Plough Monday January 8th

Medieval scene showing a man plouging with the plough pulled by a bullock from Les_Très_Riches_Heures_du_duc_de_Berry
Detail from LesTrès Riches Heures du Duc de Berry

Bob Cratchet is back to work by Boxing Day, some of us are back to work on 27th or 28th but increasing numbers holiday until January 2nd. But medieval society had even longer off. Distaff Sunday (yesterday) was the day that women traditionally went back to work and Plough Monday was the men’s turn. Plough Monday was not just a normal day of work though. Particularly in the North, it was celebrated with a procession of ‘plough boys’, with a decorated plough and team and known as ‘Fool Plough’. Mumming, sword dancing and foolery propelled people back to work.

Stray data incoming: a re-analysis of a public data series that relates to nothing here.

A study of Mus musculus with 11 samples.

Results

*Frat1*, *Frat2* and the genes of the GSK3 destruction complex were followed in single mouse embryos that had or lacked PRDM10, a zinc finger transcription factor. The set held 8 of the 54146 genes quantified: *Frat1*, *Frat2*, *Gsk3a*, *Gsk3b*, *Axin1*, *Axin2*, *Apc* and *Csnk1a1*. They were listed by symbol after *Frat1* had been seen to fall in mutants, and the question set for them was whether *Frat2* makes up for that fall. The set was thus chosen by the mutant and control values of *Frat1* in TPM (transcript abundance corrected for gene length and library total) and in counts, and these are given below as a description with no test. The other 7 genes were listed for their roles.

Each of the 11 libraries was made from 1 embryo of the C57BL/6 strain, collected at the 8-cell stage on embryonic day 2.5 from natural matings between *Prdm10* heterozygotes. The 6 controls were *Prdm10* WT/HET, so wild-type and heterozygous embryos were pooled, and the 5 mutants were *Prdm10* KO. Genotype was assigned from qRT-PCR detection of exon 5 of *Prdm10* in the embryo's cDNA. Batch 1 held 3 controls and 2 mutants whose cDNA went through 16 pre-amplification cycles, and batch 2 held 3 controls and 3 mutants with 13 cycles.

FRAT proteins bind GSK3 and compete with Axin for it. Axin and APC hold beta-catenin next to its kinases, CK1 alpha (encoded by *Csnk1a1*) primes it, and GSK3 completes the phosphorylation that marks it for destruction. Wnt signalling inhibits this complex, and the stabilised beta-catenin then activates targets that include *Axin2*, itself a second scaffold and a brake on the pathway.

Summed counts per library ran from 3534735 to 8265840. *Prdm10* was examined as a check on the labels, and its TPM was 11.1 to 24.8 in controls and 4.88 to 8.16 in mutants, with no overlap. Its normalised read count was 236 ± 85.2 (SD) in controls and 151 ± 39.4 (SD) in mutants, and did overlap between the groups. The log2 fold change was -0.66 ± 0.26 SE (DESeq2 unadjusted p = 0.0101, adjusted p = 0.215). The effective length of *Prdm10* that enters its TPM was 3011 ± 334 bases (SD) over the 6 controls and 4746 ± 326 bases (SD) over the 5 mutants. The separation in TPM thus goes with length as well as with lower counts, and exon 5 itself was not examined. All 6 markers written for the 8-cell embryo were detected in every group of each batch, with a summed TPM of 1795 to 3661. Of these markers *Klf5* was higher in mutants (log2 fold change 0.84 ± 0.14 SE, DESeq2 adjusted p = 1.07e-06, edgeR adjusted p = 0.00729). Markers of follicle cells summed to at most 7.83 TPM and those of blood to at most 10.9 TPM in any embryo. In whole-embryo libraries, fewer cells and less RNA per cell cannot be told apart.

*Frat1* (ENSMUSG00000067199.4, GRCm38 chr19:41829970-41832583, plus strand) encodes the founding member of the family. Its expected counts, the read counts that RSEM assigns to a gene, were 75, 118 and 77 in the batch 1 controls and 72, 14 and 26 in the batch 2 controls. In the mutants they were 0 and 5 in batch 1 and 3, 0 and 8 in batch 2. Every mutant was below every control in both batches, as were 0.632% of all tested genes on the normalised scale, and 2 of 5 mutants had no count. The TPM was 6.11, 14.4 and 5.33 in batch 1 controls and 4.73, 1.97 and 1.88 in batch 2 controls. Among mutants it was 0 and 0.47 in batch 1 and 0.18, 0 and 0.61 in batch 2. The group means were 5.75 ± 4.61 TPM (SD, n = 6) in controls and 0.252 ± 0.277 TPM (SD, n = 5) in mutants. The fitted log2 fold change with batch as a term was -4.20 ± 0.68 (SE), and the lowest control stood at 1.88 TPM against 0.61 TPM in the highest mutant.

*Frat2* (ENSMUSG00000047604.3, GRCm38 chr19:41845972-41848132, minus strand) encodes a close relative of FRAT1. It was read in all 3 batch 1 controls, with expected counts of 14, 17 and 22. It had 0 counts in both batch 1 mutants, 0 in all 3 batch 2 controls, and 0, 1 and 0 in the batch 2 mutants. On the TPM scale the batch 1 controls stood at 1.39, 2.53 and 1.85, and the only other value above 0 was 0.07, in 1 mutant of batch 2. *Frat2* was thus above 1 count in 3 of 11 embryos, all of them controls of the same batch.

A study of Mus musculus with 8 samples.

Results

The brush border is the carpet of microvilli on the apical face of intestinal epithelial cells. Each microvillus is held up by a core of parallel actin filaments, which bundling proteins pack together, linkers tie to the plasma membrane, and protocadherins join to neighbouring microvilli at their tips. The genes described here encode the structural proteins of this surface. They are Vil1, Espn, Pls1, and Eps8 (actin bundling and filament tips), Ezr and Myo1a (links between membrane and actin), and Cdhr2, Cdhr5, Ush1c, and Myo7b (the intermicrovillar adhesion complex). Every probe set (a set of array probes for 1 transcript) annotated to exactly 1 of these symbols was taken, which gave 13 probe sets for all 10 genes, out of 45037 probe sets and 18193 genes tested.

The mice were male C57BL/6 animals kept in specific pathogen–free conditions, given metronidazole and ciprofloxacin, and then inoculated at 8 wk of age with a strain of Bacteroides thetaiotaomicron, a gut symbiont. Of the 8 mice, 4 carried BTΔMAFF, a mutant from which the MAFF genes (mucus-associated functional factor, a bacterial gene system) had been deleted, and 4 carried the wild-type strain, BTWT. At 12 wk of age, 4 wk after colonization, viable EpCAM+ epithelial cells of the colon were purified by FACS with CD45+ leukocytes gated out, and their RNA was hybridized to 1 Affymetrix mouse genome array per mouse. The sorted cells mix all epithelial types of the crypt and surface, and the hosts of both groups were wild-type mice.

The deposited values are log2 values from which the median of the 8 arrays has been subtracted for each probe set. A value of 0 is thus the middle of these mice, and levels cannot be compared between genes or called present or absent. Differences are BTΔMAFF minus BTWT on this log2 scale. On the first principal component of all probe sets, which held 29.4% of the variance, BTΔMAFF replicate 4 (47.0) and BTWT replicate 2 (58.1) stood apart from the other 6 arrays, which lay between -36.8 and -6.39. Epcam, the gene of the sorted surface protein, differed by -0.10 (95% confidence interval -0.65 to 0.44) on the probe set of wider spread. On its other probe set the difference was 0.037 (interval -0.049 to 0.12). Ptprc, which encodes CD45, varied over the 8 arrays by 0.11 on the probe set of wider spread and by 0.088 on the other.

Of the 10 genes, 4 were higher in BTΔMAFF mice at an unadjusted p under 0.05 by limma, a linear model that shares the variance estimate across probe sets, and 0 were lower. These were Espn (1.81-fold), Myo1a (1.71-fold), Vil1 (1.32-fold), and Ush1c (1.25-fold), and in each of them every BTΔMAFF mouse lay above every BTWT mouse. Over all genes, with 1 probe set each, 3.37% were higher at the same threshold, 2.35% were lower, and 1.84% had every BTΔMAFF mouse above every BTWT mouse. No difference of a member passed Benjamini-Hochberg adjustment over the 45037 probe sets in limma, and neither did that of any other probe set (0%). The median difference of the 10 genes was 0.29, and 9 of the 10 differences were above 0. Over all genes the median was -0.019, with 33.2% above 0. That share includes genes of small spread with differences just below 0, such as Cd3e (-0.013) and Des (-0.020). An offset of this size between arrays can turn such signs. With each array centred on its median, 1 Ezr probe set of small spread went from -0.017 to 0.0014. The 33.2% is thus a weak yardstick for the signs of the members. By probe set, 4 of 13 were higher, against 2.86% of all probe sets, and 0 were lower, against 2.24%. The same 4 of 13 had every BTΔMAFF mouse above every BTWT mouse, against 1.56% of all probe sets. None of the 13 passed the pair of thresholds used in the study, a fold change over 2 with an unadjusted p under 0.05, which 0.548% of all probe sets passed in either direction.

Here is a lovely recipe for a ‘Norfolk Plough Pudding‘ brought to my attention by Sue Walker. The author is Karen Burn Jones who talks about her Grandmother’s plough pudding recipe, which is a great winter warmer being made of sausage meat and bacon. Norfolk also had traditions for Plough Monday, when the plough was blessed and the plough boys (Plough Jacks, Plough Bullocks or Plough Stots) performed “Molly Dances” partly to make up their income they had lost when the ground was too icy to plough.

The Christmas/Mid Winter break went on for some until Candlemas in early February, and in Jane Austen’s day the school boys had a 6 week holiday at Christmas much to the distress of Mary Musgrove in ‘Persuasion’, Chapter 18. She complains bitterly of children being left with her during the long winter holiday. But as it was written on 1st February I will leave the joy of that great FOMO letter till then.